Financial Condition of India in 1858
The revolt and suppression of the revolt increased the debt of the country by 40 million sterling. The changes in the military after the Government of India Act also required an additional annual expenditure of 10 million sterling.
Grappling with this deficit was not an easy task. For this purpose, a distinguished political economist and parliamentary financier, James Wilson, was sent from England as financial member of the Council of India.
- James Wilson was the founder of the much popular “The Economist“
(weekly news and international affairs publication).
- James Wilson was also the founder of modern Standard Chartered Bank.
James Wilson was sent to India to establish the tax structure, a new paper currency and remodel the finance system of India after mutiny. This workaholic personality refused to leave the stifling climate of Calcutta during summers, got some infection and died in office within one year of the job. But still his contribution was great in the initial financial set up of the India.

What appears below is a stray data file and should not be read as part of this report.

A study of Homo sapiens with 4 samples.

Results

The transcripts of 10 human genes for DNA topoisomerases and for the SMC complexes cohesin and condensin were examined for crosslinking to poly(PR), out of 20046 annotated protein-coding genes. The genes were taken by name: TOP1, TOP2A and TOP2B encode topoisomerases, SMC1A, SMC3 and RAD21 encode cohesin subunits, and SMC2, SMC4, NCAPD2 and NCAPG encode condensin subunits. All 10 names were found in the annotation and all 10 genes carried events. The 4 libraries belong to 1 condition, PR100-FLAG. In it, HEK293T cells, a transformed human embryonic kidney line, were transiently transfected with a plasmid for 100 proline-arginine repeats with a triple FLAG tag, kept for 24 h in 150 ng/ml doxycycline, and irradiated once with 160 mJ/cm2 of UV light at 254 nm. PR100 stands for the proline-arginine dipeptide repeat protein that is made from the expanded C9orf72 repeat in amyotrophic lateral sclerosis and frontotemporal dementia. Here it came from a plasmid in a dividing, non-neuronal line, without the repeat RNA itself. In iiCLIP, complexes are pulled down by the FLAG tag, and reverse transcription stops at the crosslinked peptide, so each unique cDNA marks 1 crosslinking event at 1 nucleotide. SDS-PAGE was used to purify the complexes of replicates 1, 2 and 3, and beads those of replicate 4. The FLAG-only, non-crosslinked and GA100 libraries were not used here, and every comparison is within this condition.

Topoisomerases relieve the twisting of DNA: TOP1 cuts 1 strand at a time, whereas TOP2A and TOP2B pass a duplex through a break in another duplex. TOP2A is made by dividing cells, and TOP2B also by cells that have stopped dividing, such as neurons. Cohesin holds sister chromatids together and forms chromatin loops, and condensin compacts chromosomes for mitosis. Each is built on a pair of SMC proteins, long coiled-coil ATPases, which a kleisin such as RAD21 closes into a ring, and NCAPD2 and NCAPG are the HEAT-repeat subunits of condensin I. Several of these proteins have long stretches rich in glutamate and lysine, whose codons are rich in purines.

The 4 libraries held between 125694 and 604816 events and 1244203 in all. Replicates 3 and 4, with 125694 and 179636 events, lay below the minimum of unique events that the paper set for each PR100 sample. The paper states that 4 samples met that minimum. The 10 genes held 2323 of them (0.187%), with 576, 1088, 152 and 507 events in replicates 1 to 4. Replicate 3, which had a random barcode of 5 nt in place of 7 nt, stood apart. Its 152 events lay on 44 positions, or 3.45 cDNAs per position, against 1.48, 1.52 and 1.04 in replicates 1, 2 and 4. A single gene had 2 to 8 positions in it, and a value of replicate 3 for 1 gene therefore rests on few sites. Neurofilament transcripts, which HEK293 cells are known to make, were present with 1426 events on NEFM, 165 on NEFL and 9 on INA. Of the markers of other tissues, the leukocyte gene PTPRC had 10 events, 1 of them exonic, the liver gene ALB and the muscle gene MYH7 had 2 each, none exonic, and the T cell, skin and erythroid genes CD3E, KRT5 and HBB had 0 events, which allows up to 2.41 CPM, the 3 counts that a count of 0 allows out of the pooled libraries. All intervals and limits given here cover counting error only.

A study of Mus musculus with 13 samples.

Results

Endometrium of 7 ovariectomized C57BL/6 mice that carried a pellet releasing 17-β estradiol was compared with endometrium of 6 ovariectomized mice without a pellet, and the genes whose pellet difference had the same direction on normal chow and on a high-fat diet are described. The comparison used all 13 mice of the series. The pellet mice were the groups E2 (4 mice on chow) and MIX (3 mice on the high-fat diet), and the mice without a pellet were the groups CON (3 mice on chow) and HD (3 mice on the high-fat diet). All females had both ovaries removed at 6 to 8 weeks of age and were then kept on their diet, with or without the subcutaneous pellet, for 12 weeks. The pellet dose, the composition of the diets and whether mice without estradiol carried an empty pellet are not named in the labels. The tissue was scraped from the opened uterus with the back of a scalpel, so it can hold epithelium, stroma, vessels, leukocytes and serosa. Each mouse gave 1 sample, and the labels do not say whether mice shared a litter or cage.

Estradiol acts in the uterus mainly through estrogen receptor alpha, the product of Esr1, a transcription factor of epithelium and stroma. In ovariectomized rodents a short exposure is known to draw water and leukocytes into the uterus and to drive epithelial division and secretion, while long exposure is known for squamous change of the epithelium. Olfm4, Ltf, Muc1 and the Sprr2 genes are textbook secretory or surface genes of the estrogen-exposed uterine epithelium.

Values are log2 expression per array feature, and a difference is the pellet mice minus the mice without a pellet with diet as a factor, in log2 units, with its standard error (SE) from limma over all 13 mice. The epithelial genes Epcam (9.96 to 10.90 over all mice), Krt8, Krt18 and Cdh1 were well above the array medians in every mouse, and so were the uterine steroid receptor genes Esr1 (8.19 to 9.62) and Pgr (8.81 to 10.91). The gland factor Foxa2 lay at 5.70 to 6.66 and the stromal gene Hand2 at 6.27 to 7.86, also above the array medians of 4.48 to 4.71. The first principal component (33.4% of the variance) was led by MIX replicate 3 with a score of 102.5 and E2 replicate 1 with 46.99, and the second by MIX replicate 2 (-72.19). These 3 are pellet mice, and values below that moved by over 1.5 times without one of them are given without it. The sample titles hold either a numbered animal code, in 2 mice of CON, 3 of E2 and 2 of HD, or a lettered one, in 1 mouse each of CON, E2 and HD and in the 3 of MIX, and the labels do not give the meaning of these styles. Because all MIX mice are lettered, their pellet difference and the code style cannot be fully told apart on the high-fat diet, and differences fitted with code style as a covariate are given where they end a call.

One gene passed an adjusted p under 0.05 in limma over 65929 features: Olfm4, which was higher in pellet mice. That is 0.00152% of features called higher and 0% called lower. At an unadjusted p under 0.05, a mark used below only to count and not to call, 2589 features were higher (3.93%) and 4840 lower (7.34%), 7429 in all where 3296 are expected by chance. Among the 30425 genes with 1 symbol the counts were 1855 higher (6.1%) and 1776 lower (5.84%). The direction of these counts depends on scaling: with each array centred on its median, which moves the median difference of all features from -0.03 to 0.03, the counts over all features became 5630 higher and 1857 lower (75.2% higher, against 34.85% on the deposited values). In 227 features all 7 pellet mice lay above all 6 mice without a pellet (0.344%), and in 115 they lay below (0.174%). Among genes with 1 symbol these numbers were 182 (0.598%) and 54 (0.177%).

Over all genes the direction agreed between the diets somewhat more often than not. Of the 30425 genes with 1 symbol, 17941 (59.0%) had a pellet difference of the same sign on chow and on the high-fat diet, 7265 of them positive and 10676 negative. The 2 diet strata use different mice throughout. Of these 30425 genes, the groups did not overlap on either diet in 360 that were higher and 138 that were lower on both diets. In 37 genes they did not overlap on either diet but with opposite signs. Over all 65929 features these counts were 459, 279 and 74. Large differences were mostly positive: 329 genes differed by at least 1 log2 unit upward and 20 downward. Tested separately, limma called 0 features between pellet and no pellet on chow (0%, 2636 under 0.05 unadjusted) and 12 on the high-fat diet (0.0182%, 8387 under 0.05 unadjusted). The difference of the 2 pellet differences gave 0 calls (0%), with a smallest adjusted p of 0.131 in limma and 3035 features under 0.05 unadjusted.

- James Wilson is one of the earliest forefathers of India’s Income Tax Structure.
The following steps were taken by James Wilson to bring the economy on track:
- The custom system was reorganized and all export duties were abolished.
- The import duties were lowered.
- A 5% Income tax was imposed on all incomes more than 200 Rupees
- License duty of 1, 4 and 10% were imposed on the trades and professions.
- Tobacco was placed under an internal revenue tax.
- The business methods of the government, especially in the military department were revised.
- A Paper currency commission was set at Calcutta, which was corresponding with the “Department of Issue of the Bank of England“. The branches of this commission were established at Bombay and Madras.
- The Paper Currency Commission was authorized to issue notes ranging in value from Rupees 5 till Rupees 1000, which were redeemable in Silver.
But, this outstanding “first” finance minister of India died amid of the splendid task. He was succeeded by another finance member of council named Samuel Laing, who endeavored to free the poorest classes from the burden of taxation. He unsuccessfully tried to get the Bengal Tenancy Bill passed. The Bill was passed only after 2 decades as Bengal Tenancy Act 1885.